Oct 17, 2017
 
2017-2018 Undergraduate Academic Catalogue

Italian Studies Minor


Office: Maryland Hall, Room 461; College Center, Room W031
Telephone: 410‑617‑2926; 410‑617‑2885
Website: www.loyola.edu/academics/modern-languages/curriculum/minors/italian-minor

The interdisciplinary Minor in Italian Studies improves student understanding of the complexities in contemporary Italy, while also engaging students in an unusually rich intellectual experience. It offers students a unique opportunity to experience first-hand the confluence of cultural and religious forces in the Italian peninsula. It not only speaks to the Jesuit mission to impart knowledge in the classroom, but also allows students who desire to pursue a better understanding of their faith to do so by living in the center of the Catholic tradition in Rome. While inspiring students to understand traditional Italian culture, this program also requires them to understand the cultural and political traditions that consistently extend beyond the peninsula, and even the Mediterranean, to effect cultural and economic exchanges between the Italian peninsula and the rest of the globe.

This program serves undergraduates majoring in a broad range of fields: liberal arts, science, social science and business. The program follows a curriculum that utilizes current theory and practice, exposes students to cultural diversity, and strongly supports study abroad in the Italian environment to hone those skills. The minor contributes to the specific Loyola learning aims of intellectual excellence, critical understanding, eloquentia perfecta, diversity, aesthetics, and faith and mission.

The program advisor will work with each student to develop a coherent program of study, guide the student, and meet informally at least once a semester to assist the student in course selection and planning.

Requirements for the Minor (18 credits)


The minor consists of 18 credits, as follows:

  • Three courses in Italian above the 100-level, one of which must be taken at the 300-level (9 credits)
  • Two electives in other fields related to Italian Studies (6 credits; listed below)
  • Capstone course, Italy and Italians in Today's World (ML 380 ; 3 credits)

Courses must be distributed minimally across three disciplines (e.g., EN, HS, IT, ML). Two courses may be cross-counted between the Italian studies minor and another major or minor, as long as the department chair in the other major or minor is in agreement.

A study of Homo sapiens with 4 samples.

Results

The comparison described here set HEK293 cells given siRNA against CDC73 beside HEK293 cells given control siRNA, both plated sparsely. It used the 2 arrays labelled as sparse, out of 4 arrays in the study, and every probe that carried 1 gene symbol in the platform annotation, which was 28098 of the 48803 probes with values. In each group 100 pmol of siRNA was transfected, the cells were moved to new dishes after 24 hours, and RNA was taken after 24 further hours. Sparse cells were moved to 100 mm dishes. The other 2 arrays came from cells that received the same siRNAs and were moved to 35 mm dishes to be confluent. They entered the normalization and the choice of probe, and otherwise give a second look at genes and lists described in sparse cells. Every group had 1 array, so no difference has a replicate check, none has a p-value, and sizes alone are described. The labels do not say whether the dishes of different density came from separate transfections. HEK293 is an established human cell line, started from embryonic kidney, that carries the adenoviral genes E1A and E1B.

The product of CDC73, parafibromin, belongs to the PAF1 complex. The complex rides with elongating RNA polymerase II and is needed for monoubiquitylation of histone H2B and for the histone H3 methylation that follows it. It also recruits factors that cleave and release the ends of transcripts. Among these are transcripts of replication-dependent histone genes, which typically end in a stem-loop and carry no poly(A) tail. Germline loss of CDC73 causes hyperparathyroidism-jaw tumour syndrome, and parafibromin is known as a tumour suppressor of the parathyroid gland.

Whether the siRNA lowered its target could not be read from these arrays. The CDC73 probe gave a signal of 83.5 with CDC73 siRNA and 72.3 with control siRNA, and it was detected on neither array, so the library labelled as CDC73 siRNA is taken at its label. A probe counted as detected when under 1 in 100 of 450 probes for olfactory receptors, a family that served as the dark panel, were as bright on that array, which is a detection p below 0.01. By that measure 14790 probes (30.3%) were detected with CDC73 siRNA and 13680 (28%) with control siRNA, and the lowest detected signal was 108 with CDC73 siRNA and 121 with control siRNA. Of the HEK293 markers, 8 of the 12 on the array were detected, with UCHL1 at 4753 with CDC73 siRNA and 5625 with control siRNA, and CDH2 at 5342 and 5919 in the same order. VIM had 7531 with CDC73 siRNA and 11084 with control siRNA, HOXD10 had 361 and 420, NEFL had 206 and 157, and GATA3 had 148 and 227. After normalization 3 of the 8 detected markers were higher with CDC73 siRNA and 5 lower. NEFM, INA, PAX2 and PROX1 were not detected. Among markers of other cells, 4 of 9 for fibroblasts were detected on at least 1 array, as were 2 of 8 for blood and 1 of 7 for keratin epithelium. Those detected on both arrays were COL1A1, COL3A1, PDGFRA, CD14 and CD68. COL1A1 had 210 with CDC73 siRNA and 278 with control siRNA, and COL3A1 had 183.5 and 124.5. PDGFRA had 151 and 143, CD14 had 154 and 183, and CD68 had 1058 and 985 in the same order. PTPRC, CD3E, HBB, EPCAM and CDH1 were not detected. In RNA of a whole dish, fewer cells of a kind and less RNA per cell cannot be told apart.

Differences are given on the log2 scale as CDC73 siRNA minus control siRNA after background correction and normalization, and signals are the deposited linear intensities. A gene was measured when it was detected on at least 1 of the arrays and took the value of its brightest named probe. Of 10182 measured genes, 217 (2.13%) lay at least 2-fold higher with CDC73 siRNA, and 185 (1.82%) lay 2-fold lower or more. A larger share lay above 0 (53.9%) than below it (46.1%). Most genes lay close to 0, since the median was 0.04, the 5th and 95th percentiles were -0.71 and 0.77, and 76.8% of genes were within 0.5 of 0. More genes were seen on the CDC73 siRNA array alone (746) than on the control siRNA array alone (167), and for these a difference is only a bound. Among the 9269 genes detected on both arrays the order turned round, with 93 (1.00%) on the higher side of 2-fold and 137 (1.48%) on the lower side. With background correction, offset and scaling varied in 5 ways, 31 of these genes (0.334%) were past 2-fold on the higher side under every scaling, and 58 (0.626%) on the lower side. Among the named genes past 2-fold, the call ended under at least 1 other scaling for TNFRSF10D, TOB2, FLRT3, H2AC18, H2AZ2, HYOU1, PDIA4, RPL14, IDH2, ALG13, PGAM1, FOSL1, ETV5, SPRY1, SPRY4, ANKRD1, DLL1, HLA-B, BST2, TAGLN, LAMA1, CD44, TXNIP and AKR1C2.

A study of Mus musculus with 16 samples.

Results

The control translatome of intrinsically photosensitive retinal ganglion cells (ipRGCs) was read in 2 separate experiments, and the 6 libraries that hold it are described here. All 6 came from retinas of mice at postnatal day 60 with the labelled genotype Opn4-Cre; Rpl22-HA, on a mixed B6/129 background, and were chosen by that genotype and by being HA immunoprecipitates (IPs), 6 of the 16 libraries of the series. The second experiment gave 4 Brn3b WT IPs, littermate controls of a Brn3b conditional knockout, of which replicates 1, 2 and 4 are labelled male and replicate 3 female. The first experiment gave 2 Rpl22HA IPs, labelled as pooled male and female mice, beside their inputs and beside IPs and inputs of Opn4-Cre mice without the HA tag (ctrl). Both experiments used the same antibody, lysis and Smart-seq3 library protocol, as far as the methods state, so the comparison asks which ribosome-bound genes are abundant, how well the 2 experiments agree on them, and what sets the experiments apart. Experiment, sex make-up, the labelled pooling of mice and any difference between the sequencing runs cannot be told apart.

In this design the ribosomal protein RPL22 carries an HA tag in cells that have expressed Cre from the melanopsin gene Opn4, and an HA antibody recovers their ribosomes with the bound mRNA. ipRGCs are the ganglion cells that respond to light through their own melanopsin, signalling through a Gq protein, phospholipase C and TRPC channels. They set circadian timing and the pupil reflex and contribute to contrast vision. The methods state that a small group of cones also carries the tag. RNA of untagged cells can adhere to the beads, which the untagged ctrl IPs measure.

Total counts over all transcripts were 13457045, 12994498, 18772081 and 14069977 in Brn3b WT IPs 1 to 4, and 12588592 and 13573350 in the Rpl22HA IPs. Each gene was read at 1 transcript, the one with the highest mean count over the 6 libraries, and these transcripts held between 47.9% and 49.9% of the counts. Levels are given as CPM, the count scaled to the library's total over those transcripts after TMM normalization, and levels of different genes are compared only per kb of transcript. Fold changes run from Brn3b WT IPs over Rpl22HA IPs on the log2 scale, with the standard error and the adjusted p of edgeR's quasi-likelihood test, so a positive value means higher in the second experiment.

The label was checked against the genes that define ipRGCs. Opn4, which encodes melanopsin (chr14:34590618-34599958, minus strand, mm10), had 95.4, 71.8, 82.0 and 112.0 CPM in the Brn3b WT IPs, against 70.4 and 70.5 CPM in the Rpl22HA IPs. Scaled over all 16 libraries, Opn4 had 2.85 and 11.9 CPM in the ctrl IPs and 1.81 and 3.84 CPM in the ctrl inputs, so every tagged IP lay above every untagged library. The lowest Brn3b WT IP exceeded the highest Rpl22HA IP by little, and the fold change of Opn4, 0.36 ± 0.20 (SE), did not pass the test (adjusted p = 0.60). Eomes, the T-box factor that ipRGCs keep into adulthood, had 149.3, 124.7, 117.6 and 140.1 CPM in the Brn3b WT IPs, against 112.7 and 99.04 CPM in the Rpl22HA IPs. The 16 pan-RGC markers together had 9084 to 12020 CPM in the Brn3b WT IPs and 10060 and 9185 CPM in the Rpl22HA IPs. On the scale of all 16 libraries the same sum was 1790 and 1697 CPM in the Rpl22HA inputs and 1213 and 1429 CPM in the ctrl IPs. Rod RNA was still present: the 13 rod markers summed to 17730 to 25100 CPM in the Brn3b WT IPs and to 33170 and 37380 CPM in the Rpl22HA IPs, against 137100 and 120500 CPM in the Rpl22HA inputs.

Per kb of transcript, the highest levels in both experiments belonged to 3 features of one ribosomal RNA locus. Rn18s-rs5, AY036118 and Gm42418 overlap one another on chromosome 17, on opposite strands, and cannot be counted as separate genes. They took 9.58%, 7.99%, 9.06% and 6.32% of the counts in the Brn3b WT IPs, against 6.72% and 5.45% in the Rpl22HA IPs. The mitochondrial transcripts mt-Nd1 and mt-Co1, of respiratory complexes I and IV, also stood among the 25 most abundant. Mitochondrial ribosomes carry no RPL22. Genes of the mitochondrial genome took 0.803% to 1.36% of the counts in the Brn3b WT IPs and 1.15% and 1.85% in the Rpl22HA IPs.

Service-Learning or Study Abroad/International Experience


A service-learning or study abroad/international experience is strongly recommended. The international experience must be in Italy, and up to three study-abroad courses can count toward the Italian studies minor. Upon their return from study abroad, all students with a Minor in Italian Studies must take at least one 300-level course in the minor. The service-learning option is integral to an approved Italian Studies course and entails working with a group of Italophones in the greater Baltimore area. Students are strongly encouraged to consult with their minor advisor before studying abroad.

Electives


Approval Required:


The electives listed below may be counted toward the minor if, in a given semester, the course meets one of the following requirements. Students may petition that a course with one of the following characteristics be counted toward the minor. Students must present the syllabus for the course to the Italian Studies contact for approval.

  • At least one-half of the course material involves Italian or Italian tradition as measured through written work and topics covered through lecture, reading, and testing.
  • The student completes a final project involving Italy (its culture, literature, and/or history/social situation).
  • It is taught in Italian about Italian materials.

Notes:


Students are encouraged to perfect their knowledge of the Italian language. Upper-level courses are also offered at The Johns Hopkins University and Towson University. Students may take electives through the Baltimore Student Exchange Program  (BSEP policy found in Curriculum and Policies) at other area colleges and universities; however, these courses must be preapproved by the minor advisor or program director. Students may arrange for a language proficiency test through the American Council for the Teaching of Foreign Languages (ACTFL) for a fee.